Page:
Berlin’s Unexpected Connection to Famous Writers
Q: Which famous writers have connections to Berlin?
A: Well, if we were to walk down the streets of Berlin, we would be treading the same paths as some of the world’s most renowned authors. The list is pretty impressive! For starters, we have Vladimir Nabokov, the Russian-American author of ‘Lolita,’ who lived in Berlin during the 1920s. Then there’s Christopher Isherwood, the British-American novelist whose ‘Berlin Stories’ served as the inspiration for the Broadway musical ‘Cabaret.’ Let’s not forget Bertolt Brecht, the German author and playwright who penned ‘The Threepenny Opera.’ And of course, there’s Gunter Grass, author of ‘The Tin Drum,’ who lived and worked in Berlin for many years.
Q: What inspired these writers about Berlin?
A: Ah, the magic of Berlin! It’s like a well-crafted novel itself, teeming with fascinating characters, dramatic history, and a vibrant, ever-changing landscape. The city’s turbulent past, diverse culture, and pulsating nightlife have served as a rich tapestry for these writers. Isherwood, for instance, was drawn to Berlin’s edgy, libertine lifestyle during the Weimar Republic. Brecht, on the other hand, was deeply involved in the city’s political and social upheavals, which are reflected in his plays. And Nabokov? He was enchanted by Berlin’s cosmopolitan charm, a stark contrast to his homeland, Russia.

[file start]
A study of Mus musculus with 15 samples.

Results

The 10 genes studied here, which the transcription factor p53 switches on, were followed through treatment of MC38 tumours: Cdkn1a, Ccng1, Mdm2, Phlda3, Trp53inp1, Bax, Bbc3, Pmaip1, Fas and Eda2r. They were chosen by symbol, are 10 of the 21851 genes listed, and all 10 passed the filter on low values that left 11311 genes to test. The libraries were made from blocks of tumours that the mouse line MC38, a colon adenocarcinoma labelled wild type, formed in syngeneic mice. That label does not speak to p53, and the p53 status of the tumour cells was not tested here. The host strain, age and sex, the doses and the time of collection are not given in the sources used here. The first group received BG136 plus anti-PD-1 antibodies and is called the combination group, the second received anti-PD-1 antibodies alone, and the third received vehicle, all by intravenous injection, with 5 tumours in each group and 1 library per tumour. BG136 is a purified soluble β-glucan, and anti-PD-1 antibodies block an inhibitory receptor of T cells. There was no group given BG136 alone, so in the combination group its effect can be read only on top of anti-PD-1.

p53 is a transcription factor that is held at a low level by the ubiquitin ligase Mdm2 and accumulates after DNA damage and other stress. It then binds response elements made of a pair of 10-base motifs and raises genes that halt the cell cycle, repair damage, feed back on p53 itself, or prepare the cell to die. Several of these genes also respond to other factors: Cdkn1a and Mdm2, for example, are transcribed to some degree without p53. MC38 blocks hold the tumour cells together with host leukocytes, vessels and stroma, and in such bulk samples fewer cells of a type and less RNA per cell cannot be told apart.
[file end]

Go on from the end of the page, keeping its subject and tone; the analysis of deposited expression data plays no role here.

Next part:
Q: Are there any specific places in Berlin connected to these authors?
A: Definitely! You could actually plan an entire walking tour around their former residences and favorite haunts. Start at Nollendorfstraße 17, where Isherwood lived in the 1920s. Then head to Lützowstraße 47, where Nabokov resided. Visit Bertolt-Brecht-Platz 1, where you’ll find the Berliner Ensemble theatre company, founded by Brecht himself. And while Grass lived in several places in Berlin, his most famous address is probably his studio at Behmstraße 14.
Q: How has Berlin honored these literary figures?
A: Berlin, being the cultured city that it is, hasn’t forgotten its literary heroes. There are numerous plaques around the city marking where these authors once lived. More impressively, Brecht’s home has been turned into the Bertolt Brecht House, a museum honoring his life and work. Additionally, literary tours and events often take place throughout the city, celebrating these authors’ connection to Berlin.
And, let’s wrap this up with a joke! Why don’t writers like to play hide and seek? Because good luck hiding when your pen is always leaking!